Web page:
COVID-19 has been linked to several side effects and conditions as scientists continue to examine SARS-CoV-2, the virus responsible for the respiratory disease that started wreaking havoc in 2020. New research has found that the infection may increase the risk of developing shingles in a certain group of people.
A study published in the journal Open Forum Infectious Diseases reported how contracting the virus can increase the chances of developing another condition, called shingles, in people over 50 years of age.
What Is Shingles?
Also known as herpes zoster, shingles is a condition characterized by a painful rash. It is caused by the varicella zoster virus, the same pathogen responsible for chickenpox. The virus enters a dormant state in the body after a person recovers from chickenpox. When the virus gets reactivated years later, the condition it causes is shingles, as per the Centers for Disease Control & Prevention (CDC).
In the United States, about 1 in 3 people develop shingles. Each year, around 1 million people get shingles, based on data collected by CDC. The risk of shingles increases with age; hence, the condition is more common in older people. But children can get shingles as well.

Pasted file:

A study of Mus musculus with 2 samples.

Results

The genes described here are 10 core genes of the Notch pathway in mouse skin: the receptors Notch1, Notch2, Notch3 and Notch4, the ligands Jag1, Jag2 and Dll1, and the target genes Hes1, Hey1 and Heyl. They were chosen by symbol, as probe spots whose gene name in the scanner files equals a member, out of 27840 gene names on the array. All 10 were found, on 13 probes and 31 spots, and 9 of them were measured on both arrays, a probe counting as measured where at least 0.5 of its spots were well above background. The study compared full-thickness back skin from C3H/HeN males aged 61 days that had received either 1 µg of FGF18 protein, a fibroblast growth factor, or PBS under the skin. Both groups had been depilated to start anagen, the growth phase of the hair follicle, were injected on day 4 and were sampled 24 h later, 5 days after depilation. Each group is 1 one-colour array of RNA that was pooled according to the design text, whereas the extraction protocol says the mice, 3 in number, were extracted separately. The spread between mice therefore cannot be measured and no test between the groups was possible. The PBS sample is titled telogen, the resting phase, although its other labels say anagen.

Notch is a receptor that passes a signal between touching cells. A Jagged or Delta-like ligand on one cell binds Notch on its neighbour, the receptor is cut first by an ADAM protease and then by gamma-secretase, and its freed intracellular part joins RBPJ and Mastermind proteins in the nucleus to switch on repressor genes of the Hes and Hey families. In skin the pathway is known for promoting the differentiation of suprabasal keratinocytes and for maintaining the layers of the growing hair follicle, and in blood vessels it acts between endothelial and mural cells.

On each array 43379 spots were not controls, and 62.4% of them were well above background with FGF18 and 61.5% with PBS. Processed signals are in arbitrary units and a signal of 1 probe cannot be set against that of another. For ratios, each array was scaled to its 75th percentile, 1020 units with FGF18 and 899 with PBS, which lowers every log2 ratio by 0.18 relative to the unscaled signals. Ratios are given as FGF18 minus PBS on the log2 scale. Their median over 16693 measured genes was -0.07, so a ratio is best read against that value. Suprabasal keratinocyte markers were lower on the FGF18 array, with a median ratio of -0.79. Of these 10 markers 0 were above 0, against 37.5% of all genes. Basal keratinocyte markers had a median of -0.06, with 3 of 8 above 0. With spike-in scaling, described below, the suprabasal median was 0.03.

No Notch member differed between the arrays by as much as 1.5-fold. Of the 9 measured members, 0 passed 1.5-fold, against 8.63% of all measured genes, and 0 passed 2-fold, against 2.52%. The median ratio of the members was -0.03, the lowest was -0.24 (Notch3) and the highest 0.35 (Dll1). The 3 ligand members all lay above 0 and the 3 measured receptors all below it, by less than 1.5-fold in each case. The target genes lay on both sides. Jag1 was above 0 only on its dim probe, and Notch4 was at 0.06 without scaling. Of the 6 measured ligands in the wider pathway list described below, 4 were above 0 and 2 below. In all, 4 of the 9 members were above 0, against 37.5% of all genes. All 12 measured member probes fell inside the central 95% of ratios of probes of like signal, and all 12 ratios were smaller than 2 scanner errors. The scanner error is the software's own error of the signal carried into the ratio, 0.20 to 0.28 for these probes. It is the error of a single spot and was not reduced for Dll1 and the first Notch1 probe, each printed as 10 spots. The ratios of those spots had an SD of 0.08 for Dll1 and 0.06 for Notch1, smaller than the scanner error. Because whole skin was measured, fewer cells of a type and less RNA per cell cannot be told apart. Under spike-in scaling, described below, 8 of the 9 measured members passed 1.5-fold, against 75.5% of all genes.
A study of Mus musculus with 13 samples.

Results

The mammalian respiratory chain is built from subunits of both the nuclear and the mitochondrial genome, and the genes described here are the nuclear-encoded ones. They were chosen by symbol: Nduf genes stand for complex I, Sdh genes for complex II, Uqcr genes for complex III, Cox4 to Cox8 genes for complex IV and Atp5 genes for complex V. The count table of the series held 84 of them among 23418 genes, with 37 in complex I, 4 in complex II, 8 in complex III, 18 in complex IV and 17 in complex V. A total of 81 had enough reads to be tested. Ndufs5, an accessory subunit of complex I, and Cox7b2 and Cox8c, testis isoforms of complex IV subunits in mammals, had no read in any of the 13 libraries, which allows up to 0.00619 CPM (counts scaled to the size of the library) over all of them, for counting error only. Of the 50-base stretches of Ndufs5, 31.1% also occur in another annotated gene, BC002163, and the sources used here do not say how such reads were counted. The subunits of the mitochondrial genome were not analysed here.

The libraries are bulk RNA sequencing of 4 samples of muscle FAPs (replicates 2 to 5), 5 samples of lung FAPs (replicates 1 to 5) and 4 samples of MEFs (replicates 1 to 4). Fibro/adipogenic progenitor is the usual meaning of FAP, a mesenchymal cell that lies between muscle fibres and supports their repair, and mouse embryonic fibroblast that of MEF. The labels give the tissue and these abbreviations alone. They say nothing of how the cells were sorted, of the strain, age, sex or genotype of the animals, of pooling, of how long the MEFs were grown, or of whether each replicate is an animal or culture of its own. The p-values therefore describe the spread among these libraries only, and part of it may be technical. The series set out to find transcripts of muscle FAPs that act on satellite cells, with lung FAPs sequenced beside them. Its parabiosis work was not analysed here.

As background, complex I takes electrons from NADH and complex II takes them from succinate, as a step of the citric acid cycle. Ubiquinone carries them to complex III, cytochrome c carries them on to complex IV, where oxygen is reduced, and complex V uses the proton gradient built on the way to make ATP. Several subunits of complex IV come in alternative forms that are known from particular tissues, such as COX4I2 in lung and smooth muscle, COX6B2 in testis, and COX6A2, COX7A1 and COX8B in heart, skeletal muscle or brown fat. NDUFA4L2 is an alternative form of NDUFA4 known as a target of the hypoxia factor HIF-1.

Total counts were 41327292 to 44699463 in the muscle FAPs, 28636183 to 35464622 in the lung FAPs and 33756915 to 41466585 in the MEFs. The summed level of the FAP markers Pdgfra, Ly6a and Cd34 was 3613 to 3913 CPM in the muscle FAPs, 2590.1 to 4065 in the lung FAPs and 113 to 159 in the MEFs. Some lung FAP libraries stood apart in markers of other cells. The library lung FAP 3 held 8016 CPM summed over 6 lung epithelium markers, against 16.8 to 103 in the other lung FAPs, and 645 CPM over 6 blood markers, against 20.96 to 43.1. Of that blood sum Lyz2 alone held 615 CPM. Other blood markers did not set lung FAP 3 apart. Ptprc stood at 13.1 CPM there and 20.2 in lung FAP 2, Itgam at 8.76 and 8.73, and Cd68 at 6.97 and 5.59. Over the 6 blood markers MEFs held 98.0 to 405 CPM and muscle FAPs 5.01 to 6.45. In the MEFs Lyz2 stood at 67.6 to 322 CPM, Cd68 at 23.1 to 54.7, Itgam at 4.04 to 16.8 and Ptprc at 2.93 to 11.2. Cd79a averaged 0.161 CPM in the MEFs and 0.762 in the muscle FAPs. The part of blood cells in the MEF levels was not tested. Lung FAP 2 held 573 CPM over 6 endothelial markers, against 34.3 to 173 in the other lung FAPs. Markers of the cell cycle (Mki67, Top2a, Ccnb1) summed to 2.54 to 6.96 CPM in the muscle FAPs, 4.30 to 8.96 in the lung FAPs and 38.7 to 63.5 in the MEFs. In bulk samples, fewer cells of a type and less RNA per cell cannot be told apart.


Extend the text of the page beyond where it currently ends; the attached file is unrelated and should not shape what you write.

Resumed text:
Shingles is technically not a life-threatening condition. However, it can be painful and uncomfortable. The most common symptoms include pain, sensitivity to touch, red rashes, fluid-filled blisters, and itch. Some people may also experience fever, headache, sensitivity to light, and fatigue. Vaccines help reduce the risk of developing shingles. Early treatment also helps shorten its duration, according to Mayo Clinic.
COVID-19 And Shingles Risk
The researchers analyzed data from around 2 million people 50 and up for the new study. They compared the rate of shingles in those who contracted COVID-19 (a total of 394,677 individuals) and those who never got infected with SARS-CoV-2 (1,577,346 individuals).
After analyzing their collected data, the team found that people who battled COVID-19 had a 15% higher risk of developing shingles than those who didn’t. The risk was notably higher at 21% in COVID-19 survivors who got hospitalized during their bout with the virus.
“We found that COVID-19 diagnosis in ≥50-year-olds was associated with a significantly increased risk of developing [shingles], highlighting the relevance of maintaining [herpes zoster] vaccination,” the team wrote in their study’s conclusion.
Thomas Russo, MD, a professor and chief of infectious disease at the University at Buffalo in New York, who was not involved in the study, told Prevention that the best thing to do is get both the COVID-19 vaccine and the herpes zoster vaccine when eligible.